Art through the ages
In “Big Bucks: The Explosion of the Art Market in the 21st Century” Georgina Adam describes how today’s contemporary art boom is reshaping the business of art. Much of what goes on in the global market, worth 47 billion euros ($65 billion) in 2013 according to the European Fine Art Foundation, is not new – from the sky-high prices paid by super-wealthy collectors to market manipulation. What has changed is its global scale.
Auction houses Sotheby’s and Christie’s combined sold over $1 billion of art at their November contemporary sales alone. The genre is sizzling, growing 564 percent in value between 2004 and 2012, according to Adam. Francis Outred, head of contemporary art at Christie’s, told the author that he expects to see a work of art sell for $1 billion in his lifetime.
That’s still hard to imagine, even though prices are edging higher all the time. The record when Adam was writing was $250 million for Cezanne’s “The Card Players”, rumored to have gone to “the desert”, as Qatar is referred to in the business, in a private sale. On Feb. 5 The New York Times reported the sale of a Gauguin to a Qatari buyer for $300 million, citing art world sources.
The more public displays of eye-watering buying power come in auctions. Hedge fund billionaire Steven Cohen paid $101 million for Giacometti’s “Chariot” at the recent November sales. A year earlier, Christie’s secured a new auction record price of $142 million for Bacon’s “Three Studies of Lucian Freud”. But such sums are not unprecedented, at least after adjustment for inflation. Van Gogh’s “Irises” sold at auction for $53.9 million in 1987, equivalent to about $112 million today.
One thing that is new is the enrichment of a clutch of artists who are still living. Damien Hirst, of pickled shark fame, is worth 215 million pounds according to the Sunday Times. Jeff Koons, Takashi Murakami and Anselm Kiefer have all made fortunes from their work.
The art world has also been reshaped by globalisation. Adam describes how, in the 1940s, any letter arriving at Christie’s in London bearing a foreign stamp was put directly in the bin because it couldn’t possibly be important. No longer.
The new wealth of emerging economies is driving up prices and bringing vast amounts of cash to a market historically dominated by collectors in the United States and Europe, while communications and transport infrastructure mean the awareness and interest surrounding major works of art is now truly global.
In 2011, Art Economics research showed China briefly outpacing the United States and the UK to become the world’s No. 1 market. The Qataris have been spending up to $1 billion a year on art. Activist investor Dan Loeb’s 2013 critique of Sotheby’s accused it of being leaden-footed in its response to the art world’s new geography.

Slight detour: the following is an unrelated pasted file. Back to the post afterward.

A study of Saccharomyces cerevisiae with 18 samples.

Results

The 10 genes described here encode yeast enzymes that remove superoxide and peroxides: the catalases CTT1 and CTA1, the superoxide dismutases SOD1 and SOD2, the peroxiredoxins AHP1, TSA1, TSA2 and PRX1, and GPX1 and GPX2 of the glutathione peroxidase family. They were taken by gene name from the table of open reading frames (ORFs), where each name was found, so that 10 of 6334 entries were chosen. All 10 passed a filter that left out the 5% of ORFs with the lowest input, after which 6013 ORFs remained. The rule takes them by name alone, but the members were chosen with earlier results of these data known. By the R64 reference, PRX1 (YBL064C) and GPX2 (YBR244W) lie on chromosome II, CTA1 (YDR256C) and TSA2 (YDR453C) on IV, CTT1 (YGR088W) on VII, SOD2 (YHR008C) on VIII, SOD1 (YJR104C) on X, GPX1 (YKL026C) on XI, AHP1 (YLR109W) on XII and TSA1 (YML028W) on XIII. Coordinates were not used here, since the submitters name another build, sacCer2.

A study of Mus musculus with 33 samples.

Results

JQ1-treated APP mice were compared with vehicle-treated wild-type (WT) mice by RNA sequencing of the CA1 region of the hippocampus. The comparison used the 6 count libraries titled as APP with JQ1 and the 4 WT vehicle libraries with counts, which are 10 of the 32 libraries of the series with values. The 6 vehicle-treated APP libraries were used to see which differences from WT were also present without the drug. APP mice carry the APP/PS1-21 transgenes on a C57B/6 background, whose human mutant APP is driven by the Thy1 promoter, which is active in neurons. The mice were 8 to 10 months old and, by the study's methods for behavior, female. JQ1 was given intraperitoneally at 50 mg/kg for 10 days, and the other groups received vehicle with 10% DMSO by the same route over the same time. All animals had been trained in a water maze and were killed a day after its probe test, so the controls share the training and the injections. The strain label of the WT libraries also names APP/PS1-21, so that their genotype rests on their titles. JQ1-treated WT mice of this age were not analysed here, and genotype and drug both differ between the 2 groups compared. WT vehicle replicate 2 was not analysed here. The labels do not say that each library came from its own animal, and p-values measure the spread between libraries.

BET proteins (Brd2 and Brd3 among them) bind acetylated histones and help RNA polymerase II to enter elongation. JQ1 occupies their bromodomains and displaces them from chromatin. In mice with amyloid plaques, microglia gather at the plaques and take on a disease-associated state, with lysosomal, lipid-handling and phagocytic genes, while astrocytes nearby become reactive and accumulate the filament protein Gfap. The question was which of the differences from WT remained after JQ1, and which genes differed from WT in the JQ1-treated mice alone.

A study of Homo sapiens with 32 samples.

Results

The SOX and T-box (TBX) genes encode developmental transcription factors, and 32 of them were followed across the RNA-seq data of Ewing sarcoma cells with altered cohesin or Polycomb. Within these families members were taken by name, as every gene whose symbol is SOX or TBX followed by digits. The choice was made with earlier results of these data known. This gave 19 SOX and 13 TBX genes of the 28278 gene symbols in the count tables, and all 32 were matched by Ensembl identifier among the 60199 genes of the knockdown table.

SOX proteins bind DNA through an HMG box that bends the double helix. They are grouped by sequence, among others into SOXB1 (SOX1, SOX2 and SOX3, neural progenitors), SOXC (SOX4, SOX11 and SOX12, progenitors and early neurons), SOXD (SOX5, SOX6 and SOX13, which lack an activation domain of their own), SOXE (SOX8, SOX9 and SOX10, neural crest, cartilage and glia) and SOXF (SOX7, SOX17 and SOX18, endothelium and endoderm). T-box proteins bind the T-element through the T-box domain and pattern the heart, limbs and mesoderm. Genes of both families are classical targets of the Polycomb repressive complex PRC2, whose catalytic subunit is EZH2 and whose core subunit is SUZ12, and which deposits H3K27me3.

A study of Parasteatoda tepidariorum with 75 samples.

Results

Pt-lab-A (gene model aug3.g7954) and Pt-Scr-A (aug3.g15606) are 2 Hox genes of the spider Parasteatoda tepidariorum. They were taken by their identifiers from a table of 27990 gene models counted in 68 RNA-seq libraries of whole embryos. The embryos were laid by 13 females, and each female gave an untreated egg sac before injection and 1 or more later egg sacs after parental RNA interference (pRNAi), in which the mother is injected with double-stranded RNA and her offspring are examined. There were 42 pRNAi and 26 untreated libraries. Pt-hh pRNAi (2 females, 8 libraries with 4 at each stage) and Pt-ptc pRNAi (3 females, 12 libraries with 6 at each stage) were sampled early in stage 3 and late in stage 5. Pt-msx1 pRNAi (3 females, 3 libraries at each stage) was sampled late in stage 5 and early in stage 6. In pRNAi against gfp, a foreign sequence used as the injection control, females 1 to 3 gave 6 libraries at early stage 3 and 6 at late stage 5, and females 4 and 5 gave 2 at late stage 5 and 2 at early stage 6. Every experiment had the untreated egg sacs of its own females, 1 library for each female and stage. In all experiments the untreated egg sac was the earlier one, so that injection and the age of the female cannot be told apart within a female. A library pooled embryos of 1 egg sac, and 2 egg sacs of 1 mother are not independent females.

Yet for all the changes that have taken place, competition among the super-rich for desirable works of art is perennial. It may be no coincidence that what seems like a boom at the top end of the market has coincided with a new high in inequality. The wealth held by the top 1 percent of the world’s population has climbed to levels not seen since 1928, according to economist Emmanuel Saez.
The 1920s also played host to an art boom. A biography by S.N. Behrman of the era’s most famous art dealer, Joseph Duveen, describes a decade when America’s so-called robber barons, people like Henry Frick, John Rockefeller and J.P. Morgan, were spending huge sums on art. They were, in a sense, buying their way into high culture by importing European Old Masters. Their collections led to the establishment of some of America’s most famous galleries, including New York’s Frick Collection.
Personal galleries seem to be in vogue again among billionaires. LVMH Chief Executive Bernard Arnault just opened a Parisian “ego-seum”, as cynics call such ventures. His arch-rival Francois Pinault of Kering already has two in Venice, entrepreneur Eli Broad has one in Los Angeles and Carlos Slim showcases his private collection of art at his Soumaya Museum in Mexico.
Financially motivated behaviour, not all admirable, is also hardly new in the art world. Adam describes an overheard telephone conversation between dealer Larry Gagosian and a member of the Mugrabi family, whose collection of Warhols gives the family significant influence in the market for the American’s work. Adam concludes that the pair were “protecting the market for Warhol, in which they are heavily invested.”
Buying and selling art is minimally regulated and offers plenty of scope for the manipulation of prices. Duveen, for example, made a habit of overbidding on busts by Jean-Antoine Houdon, of which he had a collection. According to Behrman, this helped increase the average cost of the artist’s work from $25,000 to $245,000.
Anecdotes abound of attempts to control prices right up to the present day, including for living artists. Auction houses frequently guarantee prices for the most prestigious works, making the resultant valuations unreliable as true guides to the market. When Christie’s sold $852 million of art on Nov. 12, Barrington Research says that 34 per cent of the lots were guaranteed.
Adam’s “Big Bucks” is at its best debunking what the slick Sotheby’s and Christie’s public-relations machines say about the market and describing the industry’s extravagant parties and outsized egos. Her dissection of the globalisation of the art world is also striking. But in art as in so many things, there’s little that’s really new. The “explosion” in her subtitle may really be just another bubble, driven by fashion and the latest peak of inequality.